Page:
Lucky and Good – The U.S. Energy From Shale Revolution
Posted May 31, 2016
Politico has an interview out today with Iain Conn, chief executive of the British energy and services company Centrica. Entire piece is here, but let’s look at a couple of the points that he makes:
A lot of good stuff in two short questions starting with a rebuke of the command-and-control approach to energy and environment in Europe versus U.S. market-based solutions.
What’s the biggest difference between the European and American energy markets?
The U.S. has lucked out with shale gas … The U.S. has achieved the same decarbonization of its economy as Europe has, for completely different reasons. Europe has been deliberate and it’s been very expensive, and the U.S. has been lucky and it turned out to be much cheaper.
And how do European and American views on energy differ?
Europe would probably wish it had some similar thing, but then in Europe you get people who say, ‘Natural gas? It’s a fossil fuel, it’s evil! And fracking? We can’t do that it’s dangerous. The world could implode, or I could be walking my dog in Germany, and it could be asphyxiated by methane gas.’ We get all these crazy fear factors being generated in Europe, which holds us back…
In the U.S. competitive forces and industry innovation are driving technological advances and producing clean-burning natural gas that has led to carbon emissions from power generation to their lowest level in more than 20 years. Meanwhile our nation’s new status as the world’s leading producer of oil and natural gas is saving American families and businesses billions in energy costs. AAA estimates that the American consumer saved, on average, over $550 in 2015 on transportation fuel costs as a result of abundant energy. In addition to saving consumers money and reducing emissions, the energy from shale revolution the National Association of Manufacturer’s estimates that “Expanded energy access generated by the shale boom added 1.9 million jobs in 2015 alone, and demand for these resources, driven in part by new investments in manufacturing, is expected to grow by 40 percent over the next decade.” And lastly global security has been enhanced by diminishing the influence of less stable oil-producing regions.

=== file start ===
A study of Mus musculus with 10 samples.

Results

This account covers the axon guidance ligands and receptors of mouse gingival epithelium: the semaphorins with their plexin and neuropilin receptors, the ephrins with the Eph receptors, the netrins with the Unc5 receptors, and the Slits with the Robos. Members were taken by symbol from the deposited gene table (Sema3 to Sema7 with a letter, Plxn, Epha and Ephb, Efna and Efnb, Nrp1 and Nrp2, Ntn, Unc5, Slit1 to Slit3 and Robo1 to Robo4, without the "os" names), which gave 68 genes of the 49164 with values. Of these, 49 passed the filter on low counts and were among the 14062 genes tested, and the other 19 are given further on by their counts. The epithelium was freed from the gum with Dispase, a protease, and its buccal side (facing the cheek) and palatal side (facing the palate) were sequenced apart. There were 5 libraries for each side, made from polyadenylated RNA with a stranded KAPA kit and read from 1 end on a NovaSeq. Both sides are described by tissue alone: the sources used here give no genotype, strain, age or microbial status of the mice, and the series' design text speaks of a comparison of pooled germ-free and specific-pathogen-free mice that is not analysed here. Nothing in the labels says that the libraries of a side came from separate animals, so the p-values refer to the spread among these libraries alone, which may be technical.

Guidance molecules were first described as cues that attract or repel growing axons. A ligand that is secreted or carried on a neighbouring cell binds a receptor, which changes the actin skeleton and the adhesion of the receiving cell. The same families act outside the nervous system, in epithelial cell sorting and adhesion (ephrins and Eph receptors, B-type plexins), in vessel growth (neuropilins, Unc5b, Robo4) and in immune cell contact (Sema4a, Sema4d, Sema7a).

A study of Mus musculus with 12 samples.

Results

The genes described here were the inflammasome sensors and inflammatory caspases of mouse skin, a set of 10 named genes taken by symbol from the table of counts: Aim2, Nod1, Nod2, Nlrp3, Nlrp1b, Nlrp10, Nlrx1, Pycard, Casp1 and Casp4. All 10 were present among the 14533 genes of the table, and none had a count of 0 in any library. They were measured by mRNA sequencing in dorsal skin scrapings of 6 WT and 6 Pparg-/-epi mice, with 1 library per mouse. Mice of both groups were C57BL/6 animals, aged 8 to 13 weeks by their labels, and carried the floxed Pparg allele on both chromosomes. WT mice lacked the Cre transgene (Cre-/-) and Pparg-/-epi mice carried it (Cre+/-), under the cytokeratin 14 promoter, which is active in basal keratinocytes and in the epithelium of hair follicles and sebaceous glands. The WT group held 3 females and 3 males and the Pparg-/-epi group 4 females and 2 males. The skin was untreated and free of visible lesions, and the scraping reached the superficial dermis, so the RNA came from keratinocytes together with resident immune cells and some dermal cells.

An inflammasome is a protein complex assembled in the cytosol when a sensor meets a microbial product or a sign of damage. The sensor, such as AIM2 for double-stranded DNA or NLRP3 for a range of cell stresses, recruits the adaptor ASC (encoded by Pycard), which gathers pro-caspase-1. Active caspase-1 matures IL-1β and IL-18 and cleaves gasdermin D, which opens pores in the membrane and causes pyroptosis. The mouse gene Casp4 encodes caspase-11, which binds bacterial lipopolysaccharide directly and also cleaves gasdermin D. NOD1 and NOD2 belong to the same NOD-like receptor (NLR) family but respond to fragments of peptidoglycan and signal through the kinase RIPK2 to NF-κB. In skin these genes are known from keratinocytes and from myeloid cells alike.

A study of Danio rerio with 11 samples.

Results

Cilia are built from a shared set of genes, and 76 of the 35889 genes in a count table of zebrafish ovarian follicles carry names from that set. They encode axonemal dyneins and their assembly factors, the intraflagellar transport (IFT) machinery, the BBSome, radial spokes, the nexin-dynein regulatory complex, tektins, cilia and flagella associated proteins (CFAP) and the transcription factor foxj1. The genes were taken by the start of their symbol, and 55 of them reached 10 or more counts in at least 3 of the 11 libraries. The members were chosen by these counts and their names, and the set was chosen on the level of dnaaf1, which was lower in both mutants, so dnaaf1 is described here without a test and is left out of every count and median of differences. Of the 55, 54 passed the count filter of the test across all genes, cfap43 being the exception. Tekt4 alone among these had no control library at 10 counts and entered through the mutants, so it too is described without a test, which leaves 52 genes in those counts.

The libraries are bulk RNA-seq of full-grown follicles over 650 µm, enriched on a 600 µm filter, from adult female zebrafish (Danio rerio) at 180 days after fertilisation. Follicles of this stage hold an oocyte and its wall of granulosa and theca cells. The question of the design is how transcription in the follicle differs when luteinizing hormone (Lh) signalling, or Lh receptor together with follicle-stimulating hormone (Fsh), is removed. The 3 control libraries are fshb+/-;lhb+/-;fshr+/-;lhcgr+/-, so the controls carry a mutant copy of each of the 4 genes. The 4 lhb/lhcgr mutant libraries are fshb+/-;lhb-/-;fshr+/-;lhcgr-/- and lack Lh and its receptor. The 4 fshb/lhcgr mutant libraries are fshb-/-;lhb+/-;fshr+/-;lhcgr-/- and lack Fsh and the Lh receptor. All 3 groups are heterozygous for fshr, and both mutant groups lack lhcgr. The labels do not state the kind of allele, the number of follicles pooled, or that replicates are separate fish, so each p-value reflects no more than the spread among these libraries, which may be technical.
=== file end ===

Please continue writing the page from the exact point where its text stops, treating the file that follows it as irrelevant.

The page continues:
Energy, jobs, security, and low costs – the U.S. model has proven we can achieve environmental progress without an onslaught of government interventions. A situation unfortunately not embraced by all in the U.S. and we have plenty of folks trying to generate “crazy fear factors” right here at home.
But instead of fear and fiction, instead of bombarding our economy with duplicative, job-crushing new regulations, policy makers need to embrace science-based policies and accept that the goals of environmental progress and energy production are not mutually exclusive and embrace policies that recognize America’s energy resurgence.
Market-driven initiatives are improving our environment, while lowering costs for consumers, let’s embrace our exceptional good fortune instead of using government as a barrier to hold us back.
About The Author
Reid Porter is a spokesman for the American Petroleum Institute. Before joining API, he worked as Account Supervisor at Edelman. Porter double majored in English Literature and the Spanish language at Middlebury College in Vermont. He enjoys traveling, cheering for the Green Bay Packers, soccer, rereading Hemingway novels and spending time with family.